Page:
Eve's Herbs: A History of Contraception and Abortion in the West
by John M. Riddle
1999. Harvard University Press.
John M. Riddle, in his earlier book Contraception and Abortion from the Ancient World to the Renaissance, made a convincing case that common people in Western civilization have understood and used contraceptive drugs since ancient times. In Eve's Herbs, he continues to present evidence for that case, and investigates a new question: how did all that folk knowledge disappear from popular consciousness?
Riddle's basic conclusion, which you can read on the book jacket, is that extensive information about safe, herbal contraceptive drugs was lost during the Middle Ages as medicine became dominated by male physicians educated at Christian Universities that ignored contraception, as the European population became increasingly urbanized and dependent on specialists for botanical and medical information, and when thousands of midwives the traditional fertility experts were executed as witches by the Catholic church during the 1500s. This historical narrative discusses the attitudes of various civilizations toward fertility, and the motivations for these. It is supplemented by general descriptions of many historic contraceptive herbs and charms, and modern results of scientific testing on the herbs (the charms are left unjudged).
This is a dramatic and interesting history, but a few features of the book make it hard to read at times. Firstly, the author is trying to prove a hypothesis, and to this end he supplies abundant and sometimes repetitive academic research to support his case. Seemingly endless editions of Ancient Greek herbals and medieval European handbooks are compared, numerous obscure and incomplete records of historical court cases are quoted, demographic estimations are debated, etc. Secondly, because much of the evidence is partial, reconstructed, supposed to exist orally, or transcribed by biased parties, and because the author is trying to prove a point, Riddle relies on a lot of statements to the effect of “these facts, if true .” This got tiresome for me, as it felt like the bulk of the discussion I was slogging through was inconclusive anyway, and subject to manipulation.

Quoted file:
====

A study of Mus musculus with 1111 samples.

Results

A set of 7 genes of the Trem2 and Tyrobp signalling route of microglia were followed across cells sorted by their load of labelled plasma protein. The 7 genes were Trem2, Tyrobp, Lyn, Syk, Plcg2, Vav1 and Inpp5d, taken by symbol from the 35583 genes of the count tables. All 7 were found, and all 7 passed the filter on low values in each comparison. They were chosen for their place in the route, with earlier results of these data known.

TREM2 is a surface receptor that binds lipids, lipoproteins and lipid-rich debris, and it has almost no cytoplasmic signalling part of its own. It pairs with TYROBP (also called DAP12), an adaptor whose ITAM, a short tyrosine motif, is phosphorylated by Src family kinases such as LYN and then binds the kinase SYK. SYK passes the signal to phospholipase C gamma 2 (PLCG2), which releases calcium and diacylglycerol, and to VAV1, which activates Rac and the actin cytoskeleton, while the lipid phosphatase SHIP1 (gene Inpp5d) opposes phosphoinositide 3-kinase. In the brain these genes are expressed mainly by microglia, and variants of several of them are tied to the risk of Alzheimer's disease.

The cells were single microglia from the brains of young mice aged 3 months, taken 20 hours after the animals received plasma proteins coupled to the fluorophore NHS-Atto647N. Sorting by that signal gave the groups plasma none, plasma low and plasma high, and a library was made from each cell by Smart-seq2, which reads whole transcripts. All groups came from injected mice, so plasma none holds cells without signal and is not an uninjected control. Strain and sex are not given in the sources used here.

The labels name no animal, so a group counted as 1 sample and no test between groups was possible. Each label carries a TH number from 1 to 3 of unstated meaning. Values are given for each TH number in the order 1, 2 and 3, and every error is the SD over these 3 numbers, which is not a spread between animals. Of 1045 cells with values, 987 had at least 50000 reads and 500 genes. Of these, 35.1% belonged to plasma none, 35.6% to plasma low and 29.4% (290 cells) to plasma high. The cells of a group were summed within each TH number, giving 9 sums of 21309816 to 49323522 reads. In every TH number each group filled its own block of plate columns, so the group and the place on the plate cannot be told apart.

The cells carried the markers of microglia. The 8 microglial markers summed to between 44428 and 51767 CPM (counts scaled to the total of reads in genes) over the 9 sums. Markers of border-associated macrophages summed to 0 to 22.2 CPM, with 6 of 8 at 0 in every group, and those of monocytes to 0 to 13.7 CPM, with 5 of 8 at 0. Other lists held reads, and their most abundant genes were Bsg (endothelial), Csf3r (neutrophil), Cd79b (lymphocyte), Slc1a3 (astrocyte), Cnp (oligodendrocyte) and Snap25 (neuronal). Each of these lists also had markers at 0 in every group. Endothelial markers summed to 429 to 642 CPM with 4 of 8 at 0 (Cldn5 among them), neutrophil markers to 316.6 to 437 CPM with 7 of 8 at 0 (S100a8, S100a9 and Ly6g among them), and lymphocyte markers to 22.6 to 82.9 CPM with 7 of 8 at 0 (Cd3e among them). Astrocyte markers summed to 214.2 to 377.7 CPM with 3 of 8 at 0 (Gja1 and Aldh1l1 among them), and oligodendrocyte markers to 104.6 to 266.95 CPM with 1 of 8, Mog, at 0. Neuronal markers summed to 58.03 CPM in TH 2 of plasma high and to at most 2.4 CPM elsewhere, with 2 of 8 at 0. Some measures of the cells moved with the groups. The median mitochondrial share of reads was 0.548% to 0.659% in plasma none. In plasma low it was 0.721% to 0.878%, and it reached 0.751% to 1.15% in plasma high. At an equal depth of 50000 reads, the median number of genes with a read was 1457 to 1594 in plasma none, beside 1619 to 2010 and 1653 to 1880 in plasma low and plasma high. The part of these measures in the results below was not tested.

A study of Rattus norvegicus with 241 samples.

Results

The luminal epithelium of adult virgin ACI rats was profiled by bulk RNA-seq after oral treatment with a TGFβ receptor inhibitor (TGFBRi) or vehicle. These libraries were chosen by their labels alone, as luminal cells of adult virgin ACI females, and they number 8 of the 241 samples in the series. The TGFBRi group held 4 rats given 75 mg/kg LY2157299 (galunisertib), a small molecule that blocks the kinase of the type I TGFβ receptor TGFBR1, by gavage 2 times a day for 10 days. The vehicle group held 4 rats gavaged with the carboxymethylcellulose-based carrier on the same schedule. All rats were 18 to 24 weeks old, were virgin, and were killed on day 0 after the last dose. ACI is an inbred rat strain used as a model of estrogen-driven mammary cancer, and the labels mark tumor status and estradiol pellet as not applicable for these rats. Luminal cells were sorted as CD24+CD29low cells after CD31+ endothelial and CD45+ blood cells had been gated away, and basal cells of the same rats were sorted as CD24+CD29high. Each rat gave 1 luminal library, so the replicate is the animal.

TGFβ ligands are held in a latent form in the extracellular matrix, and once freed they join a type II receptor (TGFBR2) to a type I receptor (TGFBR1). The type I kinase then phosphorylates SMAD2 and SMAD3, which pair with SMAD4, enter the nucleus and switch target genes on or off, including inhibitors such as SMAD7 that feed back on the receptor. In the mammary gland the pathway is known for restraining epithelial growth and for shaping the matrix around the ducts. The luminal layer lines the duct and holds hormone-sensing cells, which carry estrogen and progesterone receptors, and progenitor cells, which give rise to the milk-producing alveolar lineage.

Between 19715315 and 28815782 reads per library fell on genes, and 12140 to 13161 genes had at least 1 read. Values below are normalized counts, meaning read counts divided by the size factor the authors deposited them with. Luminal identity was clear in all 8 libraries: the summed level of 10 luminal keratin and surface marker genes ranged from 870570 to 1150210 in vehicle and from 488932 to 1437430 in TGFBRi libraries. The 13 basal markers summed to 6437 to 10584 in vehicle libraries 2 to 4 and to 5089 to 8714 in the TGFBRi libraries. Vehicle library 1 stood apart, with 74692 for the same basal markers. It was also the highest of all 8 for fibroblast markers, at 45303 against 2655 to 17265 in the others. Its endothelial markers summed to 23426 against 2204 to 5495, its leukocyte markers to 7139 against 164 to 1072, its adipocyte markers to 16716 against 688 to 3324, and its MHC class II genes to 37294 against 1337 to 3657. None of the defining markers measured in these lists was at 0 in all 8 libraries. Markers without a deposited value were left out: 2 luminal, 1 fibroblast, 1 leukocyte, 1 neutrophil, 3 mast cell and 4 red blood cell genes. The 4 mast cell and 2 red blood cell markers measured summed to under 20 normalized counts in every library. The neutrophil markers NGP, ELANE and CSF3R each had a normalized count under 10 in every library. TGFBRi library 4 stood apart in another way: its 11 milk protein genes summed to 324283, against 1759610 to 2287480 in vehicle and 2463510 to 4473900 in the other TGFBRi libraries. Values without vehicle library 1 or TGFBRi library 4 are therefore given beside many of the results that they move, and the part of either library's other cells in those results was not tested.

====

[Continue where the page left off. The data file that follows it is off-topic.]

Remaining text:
Although all of the collected bits of evidence are related back to the historical narrative and the book's thesis, the limitations of the surviving documents mean that most can only be related in the most rudimentary ways. For example, different medieval abortion laws are quoted with different penalties and definitions, but it is unknown how widely they were enforced or whether the ethics of the laws were common in the population at the time. So, the only objective fact to be gained from the quotes is that they mention herbal drinks exclusively when discussing abortion methods, suggesting that herbs were indeed used for that purpose. Over and over again, new sources are quoted and then disputed, so that in the end they add very few ideas to the book beyond what is summarized on the back cover. Much of it is just trivia, which I suppose is the nature of a lot of history.
However, as with any history of contraception, some of the trivia and quotes are extremely entertaining, from the Ancient Greeks' invention of strange internal fluids to the extreme titles of old morality plays (Daniel Defoe wrote something called Matrimonial Whoredom decrying contraceptives in 1727). Thankfully, the book is very well-organized, with several levels of headings, so it is easy to skim if the snippets of documentary evidence get too dry for a casual reader in places.
This review was originally posted in the Food & Cuisine zine of Fall 2004.
See also The Curious History of Contraception for a broader, world history.